By U.S. Rep. Evan Jenkins
R-W.Va., 3rd District
Last week, President Trump brought national attention to an issue affecting West Virginia more than any other state – the fentanyl and opioid crisis. By declaring a public health emergency, new resources and support will be coming to West Virginia to help stop drug trafficking and expand treatment for people struggling with addiction.
Fentanyl is an epidemic within an epidemic. It’s smuggled into this country through mail from China. It is used to cut heroin and make batches of heroin more potent – and deadly. Just a few micrograms can be enough to kill, and it is killing thousands of people across this country.
Combating the drug crisis is one of my top priorities in Congress, and I am working every day to pass solutions to help our state stop the scourge of heroin, fentanyl and opioids. Not a day goes by that I am not fighting for legislation, funding, or resources to make sure that those who are on the front lines have what they need to get our state healthy again.
I recently brought together federal, state, and local agencies to focus on fentanyl trafficking and how this drug is coming into the United States from China and Mexico. I also invited people in recovery to share their personal experiences with addiction and how we can help others.
Three women stood up and shared their stories of recovery. The unique perspectives from these women show why we are working to increase resources for those seeking treatment and to stop these drugs from coming into our neighborhoods. One woman told the story of her addiction and struggles and how she thanks the judge that put her into treatment because she is now in recovery and living a healthy life.
I also heard from Drug Enforcement Administration agents on the ground, West Virginia’s new director of the Office of Drug Control Policy, local emergency responders, and academics.
The conversation quickly focused on the unique challenges that fentanyl presents for law enforcement. Anyone can get online and illegally purchase fentanyl which can then be shipped to someone’s front door.
We need a multifaceted approach of tracking mail packages, retracing internet activity and purchases of known drug dealers, and working with international partners to stop the producers of fentanyl. In one case, law enforcement tracked a dealer in multiple cities in the United States, and ultimately to a person in China making and selling fentanyl over the internet.\
One of the key points these experts made to me was the importance of a comprehensive, government-wide task force mandated in law focusing on stopping fentanyl trafficking and working with state and local law enforcement. Thanks to their feedback and suggestions, I have introduced the Fentanyl and Heroin Task Force Act.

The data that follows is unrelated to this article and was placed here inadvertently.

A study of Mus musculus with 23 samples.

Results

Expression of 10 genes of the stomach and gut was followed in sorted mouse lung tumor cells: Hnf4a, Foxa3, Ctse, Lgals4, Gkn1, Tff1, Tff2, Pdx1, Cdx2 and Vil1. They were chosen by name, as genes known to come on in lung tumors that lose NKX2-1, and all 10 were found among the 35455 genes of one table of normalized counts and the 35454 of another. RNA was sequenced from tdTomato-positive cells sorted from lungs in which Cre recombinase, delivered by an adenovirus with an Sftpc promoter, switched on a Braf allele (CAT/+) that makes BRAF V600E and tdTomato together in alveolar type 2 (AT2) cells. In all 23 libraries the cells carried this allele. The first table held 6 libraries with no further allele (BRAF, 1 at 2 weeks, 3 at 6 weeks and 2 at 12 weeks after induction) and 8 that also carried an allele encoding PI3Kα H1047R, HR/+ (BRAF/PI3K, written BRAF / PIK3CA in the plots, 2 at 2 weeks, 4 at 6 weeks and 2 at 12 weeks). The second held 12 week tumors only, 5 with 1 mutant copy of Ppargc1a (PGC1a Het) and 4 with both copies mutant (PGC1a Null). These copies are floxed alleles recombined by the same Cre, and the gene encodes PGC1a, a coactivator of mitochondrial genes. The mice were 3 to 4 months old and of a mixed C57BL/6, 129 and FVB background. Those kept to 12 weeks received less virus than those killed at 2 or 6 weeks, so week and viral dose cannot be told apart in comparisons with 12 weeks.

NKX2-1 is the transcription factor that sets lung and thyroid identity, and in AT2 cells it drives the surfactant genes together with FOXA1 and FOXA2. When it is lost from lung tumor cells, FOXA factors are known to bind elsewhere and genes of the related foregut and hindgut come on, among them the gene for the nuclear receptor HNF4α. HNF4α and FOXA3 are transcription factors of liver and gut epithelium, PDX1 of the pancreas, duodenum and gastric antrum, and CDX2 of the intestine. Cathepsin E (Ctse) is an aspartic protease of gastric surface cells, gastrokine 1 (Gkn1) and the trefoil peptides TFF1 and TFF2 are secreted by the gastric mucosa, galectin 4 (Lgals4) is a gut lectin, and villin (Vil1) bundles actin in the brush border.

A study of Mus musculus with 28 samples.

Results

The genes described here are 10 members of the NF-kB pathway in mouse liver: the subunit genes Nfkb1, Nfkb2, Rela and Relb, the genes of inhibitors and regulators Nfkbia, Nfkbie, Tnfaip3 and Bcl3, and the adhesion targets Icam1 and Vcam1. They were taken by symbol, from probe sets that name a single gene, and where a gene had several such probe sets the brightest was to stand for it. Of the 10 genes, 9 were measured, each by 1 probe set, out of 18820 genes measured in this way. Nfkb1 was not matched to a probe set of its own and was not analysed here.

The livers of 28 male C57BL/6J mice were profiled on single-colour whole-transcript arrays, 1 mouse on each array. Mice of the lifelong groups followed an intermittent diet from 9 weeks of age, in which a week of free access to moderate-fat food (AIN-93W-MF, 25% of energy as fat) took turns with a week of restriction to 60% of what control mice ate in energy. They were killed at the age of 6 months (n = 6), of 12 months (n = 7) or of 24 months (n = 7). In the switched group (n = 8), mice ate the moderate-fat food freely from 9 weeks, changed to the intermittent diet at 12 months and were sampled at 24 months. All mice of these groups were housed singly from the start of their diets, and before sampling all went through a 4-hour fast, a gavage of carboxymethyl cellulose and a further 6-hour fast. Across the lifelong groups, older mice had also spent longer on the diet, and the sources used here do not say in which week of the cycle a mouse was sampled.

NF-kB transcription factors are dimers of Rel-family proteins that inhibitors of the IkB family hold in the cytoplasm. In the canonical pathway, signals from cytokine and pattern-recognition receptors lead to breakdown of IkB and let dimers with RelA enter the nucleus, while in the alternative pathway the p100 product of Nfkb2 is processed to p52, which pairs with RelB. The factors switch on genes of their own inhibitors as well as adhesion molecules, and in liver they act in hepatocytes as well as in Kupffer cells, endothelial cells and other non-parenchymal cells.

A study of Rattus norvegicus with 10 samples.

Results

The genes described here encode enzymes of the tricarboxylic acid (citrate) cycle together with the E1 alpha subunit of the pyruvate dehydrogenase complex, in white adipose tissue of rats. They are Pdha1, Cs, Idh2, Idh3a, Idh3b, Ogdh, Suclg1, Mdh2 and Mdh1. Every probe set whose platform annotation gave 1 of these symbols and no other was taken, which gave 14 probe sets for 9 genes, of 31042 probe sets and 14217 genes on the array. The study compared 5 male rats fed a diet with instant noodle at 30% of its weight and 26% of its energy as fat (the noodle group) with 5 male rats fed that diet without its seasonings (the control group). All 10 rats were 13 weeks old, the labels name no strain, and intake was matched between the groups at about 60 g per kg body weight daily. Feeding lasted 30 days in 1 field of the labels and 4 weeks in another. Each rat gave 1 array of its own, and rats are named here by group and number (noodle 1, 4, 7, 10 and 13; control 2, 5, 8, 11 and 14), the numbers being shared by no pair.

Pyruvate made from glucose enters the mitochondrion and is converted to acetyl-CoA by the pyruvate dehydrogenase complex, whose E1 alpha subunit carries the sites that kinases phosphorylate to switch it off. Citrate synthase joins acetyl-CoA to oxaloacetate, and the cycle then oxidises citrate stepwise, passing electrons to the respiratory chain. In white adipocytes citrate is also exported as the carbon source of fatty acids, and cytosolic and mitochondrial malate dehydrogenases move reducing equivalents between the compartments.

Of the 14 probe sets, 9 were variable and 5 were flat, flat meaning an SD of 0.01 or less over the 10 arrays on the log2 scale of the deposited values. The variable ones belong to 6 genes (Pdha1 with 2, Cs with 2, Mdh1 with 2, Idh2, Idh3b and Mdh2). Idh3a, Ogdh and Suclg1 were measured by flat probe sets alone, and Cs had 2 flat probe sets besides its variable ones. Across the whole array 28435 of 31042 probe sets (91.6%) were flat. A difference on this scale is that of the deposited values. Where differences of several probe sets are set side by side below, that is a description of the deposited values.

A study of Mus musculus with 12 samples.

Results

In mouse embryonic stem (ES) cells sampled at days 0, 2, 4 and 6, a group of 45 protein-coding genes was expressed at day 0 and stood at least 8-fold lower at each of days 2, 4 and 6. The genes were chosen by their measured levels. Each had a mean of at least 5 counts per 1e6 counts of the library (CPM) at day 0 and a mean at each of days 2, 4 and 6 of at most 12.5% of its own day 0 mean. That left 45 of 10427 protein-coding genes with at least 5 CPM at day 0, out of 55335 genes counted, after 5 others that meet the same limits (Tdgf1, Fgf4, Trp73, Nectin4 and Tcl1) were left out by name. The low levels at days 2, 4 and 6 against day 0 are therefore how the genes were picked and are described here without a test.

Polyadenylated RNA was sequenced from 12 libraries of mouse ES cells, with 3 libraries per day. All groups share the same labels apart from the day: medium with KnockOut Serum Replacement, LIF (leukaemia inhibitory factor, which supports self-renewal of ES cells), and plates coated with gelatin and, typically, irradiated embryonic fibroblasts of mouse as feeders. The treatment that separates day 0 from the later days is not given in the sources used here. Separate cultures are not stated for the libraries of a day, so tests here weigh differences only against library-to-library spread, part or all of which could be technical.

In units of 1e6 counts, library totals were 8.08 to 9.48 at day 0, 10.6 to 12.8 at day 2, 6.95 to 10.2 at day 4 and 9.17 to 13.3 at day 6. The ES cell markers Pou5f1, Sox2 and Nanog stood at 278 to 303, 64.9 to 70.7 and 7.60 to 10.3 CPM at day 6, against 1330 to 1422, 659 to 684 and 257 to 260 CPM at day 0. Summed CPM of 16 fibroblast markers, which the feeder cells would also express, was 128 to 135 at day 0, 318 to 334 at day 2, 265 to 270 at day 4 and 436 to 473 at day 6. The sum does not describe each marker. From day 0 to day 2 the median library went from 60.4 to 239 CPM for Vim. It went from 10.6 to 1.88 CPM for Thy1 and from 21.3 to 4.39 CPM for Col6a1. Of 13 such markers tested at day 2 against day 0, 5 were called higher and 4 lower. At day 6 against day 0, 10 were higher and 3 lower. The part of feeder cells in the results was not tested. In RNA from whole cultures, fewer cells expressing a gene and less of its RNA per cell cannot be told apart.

This legislation creates an interagency task force to coordinate federal agency efforts to identify, target and dismantle organizations that traffic fentanyl, as well as identify the sources of fentanyl and heroin production and distribution. In addition, the task force will work with state and local law enforcement agencies to make sure they have the best practices for handling and disposing of fentanyl and are taking down organizations that traffic fentanyl and heroin. Some of the agencies that will be involved are the DEA, the FBI, Homeland Security, and the Office of National Drug Control Policy.
Earlier this year, I voted to give the DEA the resources they need to create new enforcement teams focused on eradicating illicit fentanyl and heroin. And just last week, the DEA announced that it will be locating one of those enforcement teams in Charleston. Additionally, I have worked with my colleagues on the House Appropriations Committee to provide billions of dollars to combat the opioid epidemic, and I will continue to be a leader in Congress to make sure West Virginia receives the funding we need to make a difference.
West Virginia may be the state hardest hit by the opioid crisis, but we aren’t giving up. We are leading the way in innovating new treatment responses and specialized care. In Huntington, the city is launching rapid response teams to ensure people who have recently overdosed receive follow-up care and options to enter rehab. We also have Lily’s Place, a world-class facility that treats newborns born with neonatal abstinence syndrome, exposure to opioids and other drugs during pregnancy.
We are not letting up; we know we still have a great deal of work ahead of us to battle this great public health and safety issue. It will take all of us working together to make a difference, but I am confident that we can fight back – and save lives.